The early-season gauntlet takes the Cavs through New York.

NBA: Cleveland Cavaliers at Toronto Raptors Nick Turchiaro-USA TODAY Sports

You know the ol’ saying: Another day, another road game against a playoff team. The Cleveland Cavaliers have yet to play a team that didn’t make the playoffs (or play-in) last season, and that streak continues tonight as they face the New York Knicks.

Both teams came from behind to win on the road on Friday night. The Cavs came back from 15 down in the third to squeak by the Toronto Raptors, while the Knicks rained hellfire on the Milwaukee Bucks to turn a 21-point first-quarter deficit into a 15-point victory. If either team is conspicuously terrible early on, maybe that’s on purpose?

HOW TO WATCH

Who: Cleveland Cavaliers (6–4) vs. New York Knicks (6–3)

Where: Madison Square Garden — New York, New York

When: 6 p.m. EST

TV: Bally Sports Ohio, Bally Sports App, NBA League Pass

Spread:

Opposing blog: Posting and Toasting

Expected Cavs starting lineup: Darius Garland, Collin Sexton, Dean Wade, Evan Mobley, Jarrett Allen

Cavs injury report: Kevin Love (health and safety protocols), Lauri Markkanen (health and safety protocols), Isaac Okoro (hamstring), R.J. Nembhard (G-League)

Expected Knicks starting lineup: Derrick Rose, Evan Fournier, RJ Barrett, Julius Randle, Mitchell Robinson

Knicks injury report: Luka Samanic (G-League), Kemba Walker (OUT)

THREE THINGS TO WATCH

Julius Randle, neighborhood bully. Evan Mobley has been fantastic through his first 10 games as a pro. That’s especially true on defense, where every shot attempt seems within his arms’ reach.

Mobley hasn’t matched up with anyone like Julius Randle. The Knicks’ 6-foot-8, 250-pound power forward/troll is the Knicks’ top scorer, rebounder, and assister. He’s third in the league in second-chance points per game, fourth in isolation points per game, and sixth in post-up points per game. Mobley’s biggest strength is his ungodly blend of length, quickness, and connectivity; Randle’s biggest strength is his ability to shove wimps like that into lockers.

Mobley has held up well physically thus far, but he’s prone to getting pushed around (Miles Bridges of the Charlotte Hornets gave him particular trouble, and he’s 25 pounds lighter than Randle). What’s more, as Jackson Flickinger pointed out, Mobley’s minute totals are alarming for someone of his stature. If Randle brutalizes him early, the best short- and long-term solution might be to give Mobley a break and let someone else serve as cannon fodder.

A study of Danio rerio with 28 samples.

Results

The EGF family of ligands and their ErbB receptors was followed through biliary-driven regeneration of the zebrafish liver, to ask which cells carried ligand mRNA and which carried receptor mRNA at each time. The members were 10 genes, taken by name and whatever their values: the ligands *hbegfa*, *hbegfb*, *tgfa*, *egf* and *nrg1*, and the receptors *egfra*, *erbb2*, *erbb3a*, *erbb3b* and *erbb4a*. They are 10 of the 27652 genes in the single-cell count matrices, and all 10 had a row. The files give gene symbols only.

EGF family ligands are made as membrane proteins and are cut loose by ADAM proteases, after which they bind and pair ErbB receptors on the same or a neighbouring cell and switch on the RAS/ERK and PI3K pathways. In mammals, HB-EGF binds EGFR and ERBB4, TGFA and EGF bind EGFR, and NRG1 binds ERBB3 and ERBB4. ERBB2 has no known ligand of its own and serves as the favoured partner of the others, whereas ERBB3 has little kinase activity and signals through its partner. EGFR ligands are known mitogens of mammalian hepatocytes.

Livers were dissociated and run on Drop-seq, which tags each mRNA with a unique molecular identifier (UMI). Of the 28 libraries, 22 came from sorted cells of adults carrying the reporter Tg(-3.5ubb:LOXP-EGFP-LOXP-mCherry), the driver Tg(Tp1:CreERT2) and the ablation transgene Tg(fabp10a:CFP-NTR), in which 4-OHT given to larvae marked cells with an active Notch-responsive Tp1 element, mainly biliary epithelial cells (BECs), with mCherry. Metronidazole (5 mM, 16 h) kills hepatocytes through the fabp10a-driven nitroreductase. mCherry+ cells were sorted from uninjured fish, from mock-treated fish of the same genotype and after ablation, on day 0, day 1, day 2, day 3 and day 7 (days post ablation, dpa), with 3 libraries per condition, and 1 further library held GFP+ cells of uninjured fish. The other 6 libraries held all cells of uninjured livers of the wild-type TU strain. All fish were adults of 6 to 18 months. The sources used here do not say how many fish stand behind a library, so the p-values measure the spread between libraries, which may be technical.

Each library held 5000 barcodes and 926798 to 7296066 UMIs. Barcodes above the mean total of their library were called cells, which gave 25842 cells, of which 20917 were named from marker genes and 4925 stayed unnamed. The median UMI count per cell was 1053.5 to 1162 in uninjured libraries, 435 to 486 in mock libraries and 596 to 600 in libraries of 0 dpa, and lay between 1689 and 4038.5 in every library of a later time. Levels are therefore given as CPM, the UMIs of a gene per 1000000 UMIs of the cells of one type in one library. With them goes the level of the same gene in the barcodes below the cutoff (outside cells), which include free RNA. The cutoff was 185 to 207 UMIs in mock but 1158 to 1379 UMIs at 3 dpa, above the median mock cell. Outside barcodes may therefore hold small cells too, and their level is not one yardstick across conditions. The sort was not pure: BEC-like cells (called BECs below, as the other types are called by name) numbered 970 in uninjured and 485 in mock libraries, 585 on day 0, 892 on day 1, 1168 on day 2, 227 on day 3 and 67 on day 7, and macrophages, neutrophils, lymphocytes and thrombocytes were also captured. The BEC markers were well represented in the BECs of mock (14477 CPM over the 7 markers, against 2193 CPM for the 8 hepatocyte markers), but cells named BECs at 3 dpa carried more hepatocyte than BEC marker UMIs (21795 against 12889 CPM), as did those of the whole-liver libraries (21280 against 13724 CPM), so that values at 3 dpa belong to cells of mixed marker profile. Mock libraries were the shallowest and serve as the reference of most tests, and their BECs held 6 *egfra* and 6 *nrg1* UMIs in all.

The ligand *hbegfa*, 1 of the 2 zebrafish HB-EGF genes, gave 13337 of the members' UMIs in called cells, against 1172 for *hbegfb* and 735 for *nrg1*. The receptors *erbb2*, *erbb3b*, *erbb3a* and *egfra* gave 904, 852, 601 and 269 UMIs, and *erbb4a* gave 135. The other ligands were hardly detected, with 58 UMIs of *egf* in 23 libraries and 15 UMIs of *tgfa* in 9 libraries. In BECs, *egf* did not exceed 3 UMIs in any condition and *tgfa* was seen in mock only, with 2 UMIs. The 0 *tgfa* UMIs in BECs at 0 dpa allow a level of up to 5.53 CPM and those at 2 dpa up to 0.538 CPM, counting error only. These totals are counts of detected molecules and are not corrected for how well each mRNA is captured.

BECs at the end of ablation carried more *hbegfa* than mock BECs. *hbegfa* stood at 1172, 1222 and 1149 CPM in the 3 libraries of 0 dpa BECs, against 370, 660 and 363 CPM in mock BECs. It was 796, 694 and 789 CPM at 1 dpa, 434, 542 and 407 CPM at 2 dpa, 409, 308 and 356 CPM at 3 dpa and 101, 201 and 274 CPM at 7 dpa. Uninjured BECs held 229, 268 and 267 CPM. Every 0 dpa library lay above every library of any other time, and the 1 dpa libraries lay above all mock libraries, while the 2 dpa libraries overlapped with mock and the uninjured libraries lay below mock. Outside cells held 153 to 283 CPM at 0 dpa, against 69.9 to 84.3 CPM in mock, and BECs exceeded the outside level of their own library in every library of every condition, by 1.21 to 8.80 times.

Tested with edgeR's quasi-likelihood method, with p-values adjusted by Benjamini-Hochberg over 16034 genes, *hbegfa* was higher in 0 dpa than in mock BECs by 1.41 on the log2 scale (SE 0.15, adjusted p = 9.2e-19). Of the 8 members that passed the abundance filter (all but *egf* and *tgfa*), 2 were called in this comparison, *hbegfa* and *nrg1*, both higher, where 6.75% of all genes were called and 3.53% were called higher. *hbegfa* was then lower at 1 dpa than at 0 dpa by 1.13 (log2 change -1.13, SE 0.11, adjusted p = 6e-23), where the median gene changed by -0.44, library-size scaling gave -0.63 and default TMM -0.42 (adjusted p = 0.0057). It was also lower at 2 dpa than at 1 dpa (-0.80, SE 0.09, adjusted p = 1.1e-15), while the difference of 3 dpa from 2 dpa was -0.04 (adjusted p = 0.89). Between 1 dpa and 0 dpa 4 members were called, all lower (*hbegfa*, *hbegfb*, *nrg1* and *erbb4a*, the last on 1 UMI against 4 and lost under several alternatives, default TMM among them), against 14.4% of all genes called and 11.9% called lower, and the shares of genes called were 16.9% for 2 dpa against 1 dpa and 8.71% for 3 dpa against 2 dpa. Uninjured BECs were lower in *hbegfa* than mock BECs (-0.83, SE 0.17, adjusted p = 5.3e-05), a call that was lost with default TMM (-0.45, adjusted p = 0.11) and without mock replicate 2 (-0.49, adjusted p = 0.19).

Morey Ball, but in New York. Randle’s stat-sheet dominance isn’t just empty calories. The Knicks currently own the third-most efficient offense in the league, largely because they’re third and fifth in threes and free throws made per 100 possessions, respectively. The Cavs’ defense has fared well in both of those areas: they’re tops in the Association in free throws made and attempted, number one in free throw rate, and eighth in opponent three-point attempts per 100. On the other hand, only the Miami Heat give up more threes than the Knicks. (They’re a mediocre 17th in opponent free throws.) Whether the Cavs can capitalize is another question—they’re 26th in three-point percentage—but the shots should be there.

The Cavs’ stars taking over. It feels as though something has changed over the last two games. People who don’t normally pay attention to Cleveland basketball are starting to notice what’s been in the works for a few seasons now.

It’s not just people noticing, though—the Cavs won the last two games because they had the best player on the floor in each, and that’s a new development. On Wednesday against the Portland Trail Blazers, it was Jarrett Allen dominating the interior to the tune of 24 and 17. It was Allen and Mobley each taking a turn switching onto Damian Lillard and forcing a miss in the waning seconds of the game. On Friday against the Raptors, it was Darius Garland taking control in the third quarter to keep the Cavs alive, then scoring 12 in the fourth to steal a win. If things get tight late, the Cavaliers could have the best player on the floor. That’s a huge change from seasons past.